This past April, a diverse group of 12 senior-level university representatives and policymakers from Georgia visited Washington, DC, Norfolk, Baltimore, Philadelphia, and New York to observe models of innovation and entrepreneurship across university, industry, and government programs.
The participants were part of the University Capacity Building Program (UCBP), funded by the U.S. Embassy in Tbilisi and administered by American Councils for International Education, a one-year initiative to build entrepreneurial networks among Georgia’s higher education institutions and identify practices from the United States that connect research to business with the goal of increasing innovation and economic growth.
The goal of the University Capacity Building Program is to foster an entrepreneurial culture in academia that links practical research output to industry development.
- Catherine Schweitzer, Counselor for Public Diplomacy at the U.S. Embassy in Tbilisi
Since October 2021, UCBP has infused innovation and entrepreneurship discussions into existing coursework to create new approaches to curriculum design across Georgian academia. Through the program, Georgian decision makers have expanded their networks and identified models for replication and partnership. The recent delegation was comprised of representatives from nine higher education institutions and government organizations, including Georgia’s Information Technology Agency, the Ministry of Education and Science, and the Shota Rustaveli National Science Foundation of Georgia.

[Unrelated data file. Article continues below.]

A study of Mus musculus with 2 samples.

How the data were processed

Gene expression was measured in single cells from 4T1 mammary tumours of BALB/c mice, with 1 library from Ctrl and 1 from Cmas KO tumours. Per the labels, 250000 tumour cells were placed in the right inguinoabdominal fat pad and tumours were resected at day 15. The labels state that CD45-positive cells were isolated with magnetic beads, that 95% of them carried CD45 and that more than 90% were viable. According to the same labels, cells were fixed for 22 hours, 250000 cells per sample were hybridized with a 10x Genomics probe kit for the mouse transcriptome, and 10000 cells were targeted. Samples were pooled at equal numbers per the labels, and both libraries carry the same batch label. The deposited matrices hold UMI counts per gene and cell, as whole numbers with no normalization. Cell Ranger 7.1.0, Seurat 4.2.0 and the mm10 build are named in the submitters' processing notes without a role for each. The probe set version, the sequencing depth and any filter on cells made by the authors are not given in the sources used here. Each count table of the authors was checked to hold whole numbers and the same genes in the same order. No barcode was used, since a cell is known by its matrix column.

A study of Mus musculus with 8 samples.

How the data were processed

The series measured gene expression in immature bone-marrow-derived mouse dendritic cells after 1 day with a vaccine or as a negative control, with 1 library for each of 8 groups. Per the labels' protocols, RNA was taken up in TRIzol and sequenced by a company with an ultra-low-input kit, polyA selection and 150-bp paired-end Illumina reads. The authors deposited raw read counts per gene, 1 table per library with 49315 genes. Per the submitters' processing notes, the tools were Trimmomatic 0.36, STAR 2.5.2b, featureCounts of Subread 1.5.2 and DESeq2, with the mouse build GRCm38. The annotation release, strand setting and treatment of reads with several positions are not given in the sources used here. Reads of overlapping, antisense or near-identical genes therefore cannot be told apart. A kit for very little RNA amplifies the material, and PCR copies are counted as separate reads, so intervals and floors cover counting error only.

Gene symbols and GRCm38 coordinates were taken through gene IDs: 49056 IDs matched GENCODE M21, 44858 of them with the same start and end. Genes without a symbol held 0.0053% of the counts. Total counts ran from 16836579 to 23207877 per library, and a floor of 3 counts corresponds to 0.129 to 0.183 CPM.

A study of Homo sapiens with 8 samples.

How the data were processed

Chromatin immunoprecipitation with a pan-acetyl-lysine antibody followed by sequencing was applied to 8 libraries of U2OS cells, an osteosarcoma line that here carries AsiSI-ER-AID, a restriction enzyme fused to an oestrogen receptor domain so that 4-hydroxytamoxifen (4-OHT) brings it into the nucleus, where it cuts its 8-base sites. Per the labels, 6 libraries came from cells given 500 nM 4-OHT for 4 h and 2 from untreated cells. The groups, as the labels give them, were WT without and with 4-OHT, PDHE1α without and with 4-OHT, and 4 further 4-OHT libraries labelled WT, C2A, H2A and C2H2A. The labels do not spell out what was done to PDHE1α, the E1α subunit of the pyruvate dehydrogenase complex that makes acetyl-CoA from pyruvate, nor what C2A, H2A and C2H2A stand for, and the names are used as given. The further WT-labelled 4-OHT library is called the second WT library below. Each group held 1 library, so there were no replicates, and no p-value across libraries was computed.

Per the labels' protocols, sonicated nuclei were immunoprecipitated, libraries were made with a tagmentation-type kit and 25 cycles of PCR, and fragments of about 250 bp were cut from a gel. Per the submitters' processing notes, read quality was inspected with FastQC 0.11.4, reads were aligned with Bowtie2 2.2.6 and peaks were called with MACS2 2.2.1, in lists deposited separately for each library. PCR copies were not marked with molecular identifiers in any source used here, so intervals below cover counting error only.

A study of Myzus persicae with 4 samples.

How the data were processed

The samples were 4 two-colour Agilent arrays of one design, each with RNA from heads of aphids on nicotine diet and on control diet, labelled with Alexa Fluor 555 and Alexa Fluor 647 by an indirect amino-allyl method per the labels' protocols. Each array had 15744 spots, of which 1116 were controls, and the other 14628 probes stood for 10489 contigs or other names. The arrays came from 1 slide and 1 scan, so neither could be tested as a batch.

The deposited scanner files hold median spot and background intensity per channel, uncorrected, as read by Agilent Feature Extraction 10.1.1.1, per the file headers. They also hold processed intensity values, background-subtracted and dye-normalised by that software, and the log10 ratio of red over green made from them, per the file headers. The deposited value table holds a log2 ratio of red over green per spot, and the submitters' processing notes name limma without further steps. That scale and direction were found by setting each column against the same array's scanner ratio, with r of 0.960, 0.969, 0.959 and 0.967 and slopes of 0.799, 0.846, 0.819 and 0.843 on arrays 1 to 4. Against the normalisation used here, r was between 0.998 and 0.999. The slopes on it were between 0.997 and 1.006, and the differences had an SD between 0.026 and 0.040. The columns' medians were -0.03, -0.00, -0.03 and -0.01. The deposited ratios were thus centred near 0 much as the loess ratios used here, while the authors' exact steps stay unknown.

While in the United States, participants explored opportunities for innovation and entrepreneurship through programs with George Washington University’s Office of Innovation and Entrepreneurship, the National Science Foundation’s Office of International Science and Engineering, the America Georgia Business Council, Johns Hopkins University’s Center for Bioengineering Innovation & Design, the Embassy of Georgia, George Mason University, and the Wharton School of Business. Georgian delegates learned more about the process of engaging with the start-up community, technology transfer and licensing, global networks and funding opportunities, technology commercialization, trends driving bilateral economic ties, and networks to connect businesses, non-profit organizations, and academia across the United States and Georgia. These issues were discussed with an eye towards establishing models that can be replicated in emerging markets like Georgia.
Experts from a wide variety of fields discussed with the participants how they support researchers committed to starting and scaling their companies. “This program was fantastic opportunity for me and my university to gain an invaluable experience and knowledge as well as build partnership for the future collaboration,” says Irma Nuralovi, Quality Assurance Manager at the University of Georgia School of Business.
The next phase of UCBP, which will occur later in 2022, involves participants identifying U.S. experts they met in the United States to create action plans to further mentor and guide Georgia’s university system to advancements in technology commercialization, innovation, and entrepreneurship.